This Week – June 4, 2016
This Week in Washington, D.C.
- ACG’s MACRA Tidbit for the Week
- AJG Series on Patient Experience Measures
The answer seems to be “yes,” at least for the beginning years of MIPS and APMs. Why?
ACG members participating in the modified fee for service option (MIPS) will find that the “Quality” score represents 50% of the total MIPS score in 2019 and 45% in 2020. From there, it decreases to 30%, but CMS can increase this percentage if ACG members are for some reason ineligible to meet other components (for example, not enough patients in “Resource Use”). Additionally, as proposed, approved alternative payment models (APMs) scores are also based on MIPS quality measures or quality measures comparable to MIPS. For ACOs, for example, the performance weight for “Quality” is 50% in 2019. Thus, your quality reporting activities will have a significant influence on your success in the new payment systems under MACRA, regardless of which payment model you choose.
We say “quality reporting” is king for MACRA….. not so much “quality”…. as ACG members are all too familiar with the fact that mandated quality reporting does not necessarily translate into improved quality of patient care. The good news is that Congress and CMS do recognize the value that registries such as GIQuIC have on quality improvement. Further, participation in quality improvement registries will help increase scores of other MIPS’ components, including “Advancing Care Information” (25% of total score) as well as the “Clinical Practice Improvement Activities” (15% of total score). Click here to learn more about signing your practice up for GIQuIC.
Please note that ACG does not endorse simply linking reimbursement to quality reporting. However, when policymakers mandate quality reporting as a condition to payment, it is ACG’s goal to minimize practice management burdens and protect GI reimbursement as much as possible. Participation in GIQuIC helps to meet this goal. Many ACG members are already participating in GIQuIC to help improve patient care as well as benchmark performance of individuals within the GI practice.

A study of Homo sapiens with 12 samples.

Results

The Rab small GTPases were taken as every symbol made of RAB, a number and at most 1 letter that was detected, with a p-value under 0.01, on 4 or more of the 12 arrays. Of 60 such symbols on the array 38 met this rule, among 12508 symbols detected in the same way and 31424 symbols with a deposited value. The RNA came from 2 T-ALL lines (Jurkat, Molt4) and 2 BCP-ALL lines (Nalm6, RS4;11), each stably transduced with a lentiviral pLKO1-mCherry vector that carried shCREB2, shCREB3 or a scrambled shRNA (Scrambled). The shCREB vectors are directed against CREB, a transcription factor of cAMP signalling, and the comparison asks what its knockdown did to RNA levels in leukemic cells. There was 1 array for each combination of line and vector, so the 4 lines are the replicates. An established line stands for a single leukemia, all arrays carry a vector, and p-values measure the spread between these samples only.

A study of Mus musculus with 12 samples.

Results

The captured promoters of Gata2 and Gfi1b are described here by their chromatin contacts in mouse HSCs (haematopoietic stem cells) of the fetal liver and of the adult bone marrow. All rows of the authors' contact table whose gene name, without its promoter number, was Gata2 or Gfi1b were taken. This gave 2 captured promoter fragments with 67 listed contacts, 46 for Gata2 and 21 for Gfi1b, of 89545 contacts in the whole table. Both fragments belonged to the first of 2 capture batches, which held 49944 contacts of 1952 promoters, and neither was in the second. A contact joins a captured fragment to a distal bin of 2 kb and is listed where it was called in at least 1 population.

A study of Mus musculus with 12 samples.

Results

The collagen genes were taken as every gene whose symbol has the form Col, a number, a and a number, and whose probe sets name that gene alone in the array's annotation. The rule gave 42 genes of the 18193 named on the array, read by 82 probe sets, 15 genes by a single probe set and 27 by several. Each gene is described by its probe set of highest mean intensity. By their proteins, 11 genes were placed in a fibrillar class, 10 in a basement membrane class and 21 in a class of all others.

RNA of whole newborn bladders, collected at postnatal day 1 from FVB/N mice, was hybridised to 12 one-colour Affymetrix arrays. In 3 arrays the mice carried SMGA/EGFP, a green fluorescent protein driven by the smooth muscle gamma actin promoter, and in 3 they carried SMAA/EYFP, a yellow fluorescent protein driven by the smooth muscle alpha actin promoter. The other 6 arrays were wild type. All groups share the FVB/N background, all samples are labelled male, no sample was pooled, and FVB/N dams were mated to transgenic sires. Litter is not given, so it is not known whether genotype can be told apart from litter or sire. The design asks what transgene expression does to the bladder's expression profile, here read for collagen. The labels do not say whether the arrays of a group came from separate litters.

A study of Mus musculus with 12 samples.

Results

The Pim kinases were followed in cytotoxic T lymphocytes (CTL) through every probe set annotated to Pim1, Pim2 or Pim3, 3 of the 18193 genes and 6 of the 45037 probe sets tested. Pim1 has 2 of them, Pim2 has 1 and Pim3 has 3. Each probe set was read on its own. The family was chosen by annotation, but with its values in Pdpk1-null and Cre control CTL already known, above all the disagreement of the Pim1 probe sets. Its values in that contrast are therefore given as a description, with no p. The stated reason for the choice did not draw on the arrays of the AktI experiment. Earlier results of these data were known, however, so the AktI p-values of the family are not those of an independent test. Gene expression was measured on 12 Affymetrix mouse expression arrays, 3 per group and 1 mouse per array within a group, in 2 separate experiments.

More on MACRA: ACG Hopes to Keep This Simple. We compiled a detailed overview for you, hopefully in a simplified fashion and in plain English. Read the summary and potential impact to GI: Making $ense of MACRA
Speaking of Quality Reporting: Have you checked out the AJG Series on Patient Experience Measures?
The ACG Practice Management Committee developed a paper on measuring satisfaction authored by Louis J. Wilson, MD, FACG (pictured to the left), Jay N. Yepuri, MD, and Richard E. Moses, MD. “The Advantages and Challenges of Measuring Patient Experience in Outpatient Clinical Practice,” is being published as a four-part series in the American Journal of Gastroenterology Red Section.
What’s the Connection to Quality Reporting in MACRA?
As currently proposed, MIPS will not require CAHPS surveys for individuals choosing to report MIPS quality measures collectively as a practice, or via the “group reporting” option. However, CMS proposes scoring incentives in the MIPS “Quality” component for those groups that do participate. CMS proposes to allow registered groups of two or more MIPS eligible clinicians to voluntarily elect to participate in CAHPS. This would fulfill one of the required “cross-cutting” or “patient experience” measure requirements, and additionally, CMS’ proposed scoring methodology would give bonus points for reporting CAHPS data. For more information, please read the summary and potential impact to GI.